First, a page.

National Women’s Health Week—May 12-18—is a reminder for all women to take care of themselves and to make their personal health a priority. The U.S. Department of Health and Human Services Office on Women’s Health created National Women’s Health Week, now in its 20th year, to encourage women to build positive health habits.
The recommendations—familiar but often overlooked in our stressful, busy lives—merit repeating: eat healthily, get active, pay attention to mental health, avoid unhealthy behaviors, and visit a health professional for regular primary care and preventive screenings. Alcohol screening and brief intervention is recommended for adults as a routine primary care practice.
Several factors make it particularly important that social workers screen for, and talk to women about, risky drinking during their health visit. Heavy alcohol use and binge drinking among women has increased substantially over the past decade.
Excessive alcohol use is linked to alcohol-related health risks, injuries and chronic conditions. These can occur more rapidly and be more pronounced in women, due to sex differences in physiology. Women also face unique risks to reproductive health and birth outcomes, including alcohol-exposed pregnancy and fetal alcohol spectrum disorders (FASDs).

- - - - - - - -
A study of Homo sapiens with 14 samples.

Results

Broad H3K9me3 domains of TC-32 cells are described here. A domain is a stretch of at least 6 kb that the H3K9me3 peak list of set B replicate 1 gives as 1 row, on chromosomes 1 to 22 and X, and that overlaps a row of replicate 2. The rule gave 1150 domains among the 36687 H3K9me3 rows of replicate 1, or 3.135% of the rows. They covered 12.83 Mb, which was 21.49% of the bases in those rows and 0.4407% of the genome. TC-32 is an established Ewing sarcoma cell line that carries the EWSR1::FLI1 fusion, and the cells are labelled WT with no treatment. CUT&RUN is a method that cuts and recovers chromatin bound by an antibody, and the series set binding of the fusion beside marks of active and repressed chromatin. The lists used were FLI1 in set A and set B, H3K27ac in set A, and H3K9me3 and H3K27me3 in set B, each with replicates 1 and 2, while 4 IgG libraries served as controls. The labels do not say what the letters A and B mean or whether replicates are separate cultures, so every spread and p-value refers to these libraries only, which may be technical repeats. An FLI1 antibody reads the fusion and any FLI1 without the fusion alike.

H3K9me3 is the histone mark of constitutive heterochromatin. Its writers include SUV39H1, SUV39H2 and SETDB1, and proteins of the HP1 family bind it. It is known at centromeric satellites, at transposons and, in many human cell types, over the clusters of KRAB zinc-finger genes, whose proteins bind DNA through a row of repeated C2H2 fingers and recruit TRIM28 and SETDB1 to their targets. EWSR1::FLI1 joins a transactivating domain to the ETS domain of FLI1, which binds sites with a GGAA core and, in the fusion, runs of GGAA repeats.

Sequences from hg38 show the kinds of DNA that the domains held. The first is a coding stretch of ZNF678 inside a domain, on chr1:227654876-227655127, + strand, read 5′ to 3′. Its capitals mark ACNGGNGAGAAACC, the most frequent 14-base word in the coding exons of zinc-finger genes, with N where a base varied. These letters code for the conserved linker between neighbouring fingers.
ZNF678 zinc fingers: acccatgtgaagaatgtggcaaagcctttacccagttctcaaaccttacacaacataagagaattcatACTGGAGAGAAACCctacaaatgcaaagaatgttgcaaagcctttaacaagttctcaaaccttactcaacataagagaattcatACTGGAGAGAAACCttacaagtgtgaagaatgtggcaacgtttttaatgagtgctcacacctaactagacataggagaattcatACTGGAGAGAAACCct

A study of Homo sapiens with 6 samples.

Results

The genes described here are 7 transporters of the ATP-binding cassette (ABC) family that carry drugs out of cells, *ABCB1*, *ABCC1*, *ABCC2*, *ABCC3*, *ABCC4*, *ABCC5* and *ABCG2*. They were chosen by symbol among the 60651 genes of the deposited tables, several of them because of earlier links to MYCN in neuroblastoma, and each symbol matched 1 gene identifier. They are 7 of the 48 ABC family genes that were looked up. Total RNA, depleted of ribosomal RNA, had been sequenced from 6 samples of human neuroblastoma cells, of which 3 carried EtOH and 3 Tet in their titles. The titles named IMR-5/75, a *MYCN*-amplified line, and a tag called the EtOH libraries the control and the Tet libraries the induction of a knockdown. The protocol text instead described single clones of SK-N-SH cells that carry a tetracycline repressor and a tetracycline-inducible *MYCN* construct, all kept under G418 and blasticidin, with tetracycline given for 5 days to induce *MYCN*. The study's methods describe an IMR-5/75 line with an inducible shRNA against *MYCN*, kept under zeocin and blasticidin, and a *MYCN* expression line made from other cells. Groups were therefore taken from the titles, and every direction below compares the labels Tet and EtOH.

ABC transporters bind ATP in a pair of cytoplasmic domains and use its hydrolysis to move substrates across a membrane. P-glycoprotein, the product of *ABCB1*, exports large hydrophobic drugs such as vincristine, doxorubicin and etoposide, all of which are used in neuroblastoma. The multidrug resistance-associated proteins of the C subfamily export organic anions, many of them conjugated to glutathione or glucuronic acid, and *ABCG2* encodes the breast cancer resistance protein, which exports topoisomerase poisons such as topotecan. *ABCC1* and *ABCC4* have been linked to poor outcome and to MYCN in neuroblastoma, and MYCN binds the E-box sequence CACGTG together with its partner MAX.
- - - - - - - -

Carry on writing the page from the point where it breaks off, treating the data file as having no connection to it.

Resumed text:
NASW, the NASW Foundation and the University of Texas at Austin have joined other leading medical organizations and the Centers for Disease Control and Prevention in a national initiative to educate health professionals about the importance of screening women for risky alcohol use. In particular, the initiative focuses on the importance of communicating a clear and consistent message: no alcohol use during pregnancy— there is no safe time, no safe type, no known safe amount.
As essential members of clinical teams serving women of reproductive age, social workers are poised to conduct alcohol screenings and deliver brief interventions as a routine preventive practice. Visit the NASW website Behavioral Health Practice Section for resource links. Learn more about FASD training on the Centers for Disease Control website.